Cover Stories: One Wish by Leigh Brescia

Leigh%20Brescia%20One%20Wish.jpg Leigh Brescia's first novel, One Wish, came out this spring. And it has such a unique cover that I had to ask her about its tale. Luckily, she's into sharing.

JustOneWish.jpg "When I pictured the cover during writing, I saw a dandelion being blown across the page. In fact, what I imagined is scarily similar to Janette Rallison's new novel: Just One Wish (MW note: Janette's cover story is here). I suppose it's a good thing they didn't hire me to design the cover: it would be like showing up at the Oscars wearing the same dress as Angelina Jolie, and she gets to walk the red carpet first! Yikes!

"WestSide hired an incredible designer, Michael Morgenstern, to do the image. His work has been featured in almost every major magazine and newspaper in America. speak-laurie-halse-anderson.jpg He also did the illustration for Speak, by Laurie Halse Anderson. I talked to him about what he used to create the image, and he said that he created it in Photoshop and used textures, photographs, and digital airbrush technique. He did an excellent job! I had to use Photoshop in a graphic design class in college, and I wasn't nearly as successful.

"When I first saw the image it took me a moment to really focus and take it all in. The design is so bold and fresh: it was like nothing I'd ever seen--especially not for a YA novel. Of course, I immediately decided that I loved it and made it my desktop background.

"It's different, and it makes you look twice. You're not supposed to judge a book by its cover, but in this case, the image is so intriguing. As a reader, I would want to pick it up to see what the story is about. I think it will make a lot of people curious.

"More than anything, though, I love how the image is metaphorical and mirrors the story. My editor sent the synopsis of One Wish to Michael, and he designed the cover from that information."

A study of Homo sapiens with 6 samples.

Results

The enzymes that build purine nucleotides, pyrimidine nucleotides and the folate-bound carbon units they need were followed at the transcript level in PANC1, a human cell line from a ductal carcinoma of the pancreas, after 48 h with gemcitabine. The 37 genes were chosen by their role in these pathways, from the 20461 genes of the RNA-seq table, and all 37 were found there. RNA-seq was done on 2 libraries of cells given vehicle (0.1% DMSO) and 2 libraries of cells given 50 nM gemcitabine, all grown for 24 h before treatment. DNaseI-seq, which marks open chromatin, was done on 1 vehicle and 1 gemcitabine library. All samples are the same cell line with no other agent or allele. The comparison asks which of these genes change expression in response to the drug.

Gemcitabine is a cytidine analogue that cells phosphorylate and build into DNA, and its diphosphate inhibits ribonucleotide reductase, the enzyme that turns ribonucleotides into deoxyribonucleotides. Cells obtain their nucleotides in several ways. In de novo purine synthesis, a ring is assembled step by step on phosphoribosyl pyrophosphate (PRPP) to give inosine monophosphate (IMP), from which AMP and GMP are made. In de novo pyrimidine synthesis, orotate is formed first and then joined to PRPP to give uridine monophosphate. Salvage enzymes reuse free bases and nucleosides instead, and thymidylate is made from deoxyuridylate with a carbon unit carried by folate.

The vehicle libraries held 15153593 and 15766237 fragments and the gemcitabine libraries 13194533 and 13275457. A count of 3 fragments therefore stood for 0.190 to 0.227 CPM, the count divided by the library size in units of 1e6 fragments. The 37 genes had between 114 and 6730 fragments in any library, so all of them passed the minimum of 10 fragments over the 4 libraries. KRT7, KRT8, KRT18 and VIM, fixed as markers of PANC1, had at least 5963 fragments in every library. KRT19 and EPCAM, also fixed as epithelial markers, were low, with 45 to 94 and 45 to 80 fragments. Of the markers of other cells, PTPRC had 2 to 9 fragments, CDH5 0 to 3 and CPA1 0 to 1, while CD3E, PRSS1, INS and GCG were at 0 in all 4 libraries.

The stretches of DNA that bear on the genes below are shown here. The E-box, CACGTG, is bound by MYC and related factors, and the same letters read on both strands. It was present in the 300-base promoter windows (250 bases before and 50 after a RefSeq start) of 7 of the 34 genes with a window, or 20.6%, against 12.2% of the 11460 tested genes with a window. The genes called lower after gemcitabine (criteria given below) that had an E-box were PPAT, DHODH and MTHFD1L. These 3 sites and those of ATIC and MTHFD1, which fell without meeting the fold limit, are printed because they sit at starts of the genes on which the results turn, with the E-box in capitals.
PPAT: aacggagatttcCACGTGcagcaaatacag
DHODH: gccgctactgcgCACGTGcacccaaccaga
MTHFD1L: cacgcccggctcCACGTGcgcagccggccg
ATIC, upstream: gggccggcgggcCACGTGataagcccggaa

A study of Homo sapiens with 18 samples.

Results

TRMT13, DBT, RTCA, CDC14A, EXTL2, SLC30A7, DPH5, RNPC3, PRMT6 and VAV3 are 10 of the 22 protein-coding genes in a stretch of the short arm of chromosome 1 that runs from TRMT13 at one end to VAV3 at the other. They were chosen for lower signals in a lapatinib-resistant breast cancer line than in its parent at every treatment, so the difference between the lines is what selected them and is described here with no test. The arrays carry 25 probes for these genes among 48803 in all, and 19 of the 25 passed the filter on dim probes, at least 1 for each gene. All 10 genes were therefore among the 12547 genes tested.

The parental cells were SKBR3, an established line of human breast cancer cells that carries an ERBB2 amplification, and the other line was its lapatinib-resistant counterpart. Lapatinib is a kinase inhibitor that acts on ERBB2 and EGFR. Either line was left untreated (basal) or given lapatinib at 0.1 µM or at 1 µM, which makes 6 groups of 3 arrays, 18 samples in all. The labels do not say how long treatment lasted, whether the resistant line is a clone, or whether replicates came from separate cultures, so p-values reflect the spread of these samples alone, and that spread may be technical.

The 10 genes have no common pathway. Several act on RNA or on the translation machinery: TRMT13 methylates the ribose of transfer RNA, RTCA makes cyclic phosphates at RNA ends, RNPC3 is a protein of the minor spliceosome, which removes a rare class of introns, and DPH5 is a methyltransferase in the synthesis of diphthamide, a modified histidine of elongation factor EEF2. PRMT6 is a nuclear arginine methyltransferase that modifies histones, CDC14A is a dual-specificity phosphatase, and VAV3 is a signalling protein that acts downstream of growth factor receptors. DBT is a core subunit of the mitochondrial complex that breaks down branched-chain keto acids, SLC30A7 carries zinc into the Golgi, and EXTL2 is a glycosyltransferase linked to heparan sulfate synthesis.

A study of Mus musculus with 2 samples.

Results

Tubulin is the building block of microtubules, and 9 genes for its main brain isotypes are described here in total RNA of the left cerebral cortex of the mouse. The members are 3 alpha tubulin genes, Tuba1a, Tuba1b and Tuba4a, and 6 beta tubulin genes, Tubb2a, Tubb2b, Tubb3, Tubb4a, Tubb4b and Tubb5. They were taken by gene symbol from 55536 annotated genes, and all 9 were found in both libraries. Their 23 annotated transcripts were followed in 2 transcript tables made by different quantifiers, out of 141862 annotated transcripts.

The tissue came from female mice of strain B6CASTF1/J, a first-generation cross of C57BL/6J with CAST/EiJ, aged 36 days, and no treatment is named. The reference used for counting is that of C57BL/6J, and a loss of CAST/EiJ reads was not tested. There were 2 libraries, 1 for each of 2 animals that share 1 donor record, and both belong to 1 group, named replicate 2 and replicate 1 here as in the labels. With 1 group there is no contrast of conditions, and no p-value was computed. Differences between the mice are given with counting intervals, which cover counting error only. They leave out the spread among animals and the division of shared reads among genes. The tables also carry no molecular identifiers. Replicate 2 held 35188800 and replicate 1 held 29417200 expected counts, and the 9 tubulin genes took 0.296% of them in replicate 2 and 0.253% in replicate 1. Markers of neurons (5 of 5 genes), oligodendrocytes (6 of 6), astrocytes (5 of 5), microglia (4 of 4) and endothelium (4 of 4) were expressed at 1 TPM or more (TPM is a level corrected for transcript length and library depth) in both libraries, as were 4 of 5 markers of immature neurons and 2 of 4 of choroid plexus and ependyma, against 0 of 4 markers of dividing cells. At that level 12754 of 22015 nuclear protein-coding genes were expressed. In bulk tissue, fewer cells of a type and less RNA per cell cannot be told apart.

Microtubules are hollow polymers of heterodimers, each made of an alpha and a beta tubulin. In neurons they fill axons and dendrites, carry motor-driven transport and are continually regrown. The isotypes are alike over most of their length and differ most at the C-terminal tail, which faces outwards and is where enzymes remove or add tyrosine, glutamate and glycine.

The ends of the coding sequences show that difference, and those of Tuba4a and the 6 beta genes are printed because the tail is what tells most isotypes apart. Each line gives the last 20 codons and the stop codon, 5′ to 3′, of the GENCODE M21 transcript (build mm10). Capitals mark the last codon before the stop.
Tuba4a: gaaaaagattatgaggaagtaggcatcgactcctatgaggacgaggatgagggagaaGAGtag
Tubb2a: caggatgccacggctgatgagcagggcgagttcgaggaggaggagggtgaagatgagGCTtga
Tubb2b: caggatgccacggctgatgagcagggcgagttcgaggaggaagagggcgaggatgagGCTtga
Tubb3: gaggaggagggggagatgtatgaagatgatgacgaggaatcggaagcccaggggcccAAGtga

"Michael told me: 'I had given Wrenn a streak of reddish hair to symbolize the makeover her theatre friends had given her. It's the brightest color on the cover, calling attention to the change which brought with it new confidence, temptations and troubles. The roses with the steely thorns represent the allure of romance on its surface: dreamy and sweet in appearance but with its thorns that can be damaging as well. In the superficial world of surface appearances, it's easy to get lost. But Wrenn's clear blue eyes will steer her through all this and eventually find truth.'"

"Isn't he absolutely brilliant? He's such an incredible artist, and I'm excited that WestSide chose him to design the cover of One Wish."

I love that we got to hear from both author and cover designer in this one! And I agree that the image is unique--that red hair streak always catches my eye. What do you guys think?

2 comments:

Shelf Elf said...

I agree that it's a striking cover. The muted background really makes her clear blue eye and the red streak of her hair stand out. It's the type of cover that would make me want to know more about the person pictured.

I think I tend to be someone who typically enjoys an "art" cover above a cover with a photograph. Sometimes an art cover makes me feel like I have more room to interpret the design, and decide what it means to my reading of the story. What about you guys?

Lorie Ann Grover said...

Congratulations on your cover, Leigh! I loved hearing it was the same artist who did Speak.

Shelf Elf, currently I think I tip toward photo covers. Didn't realize it until you asked!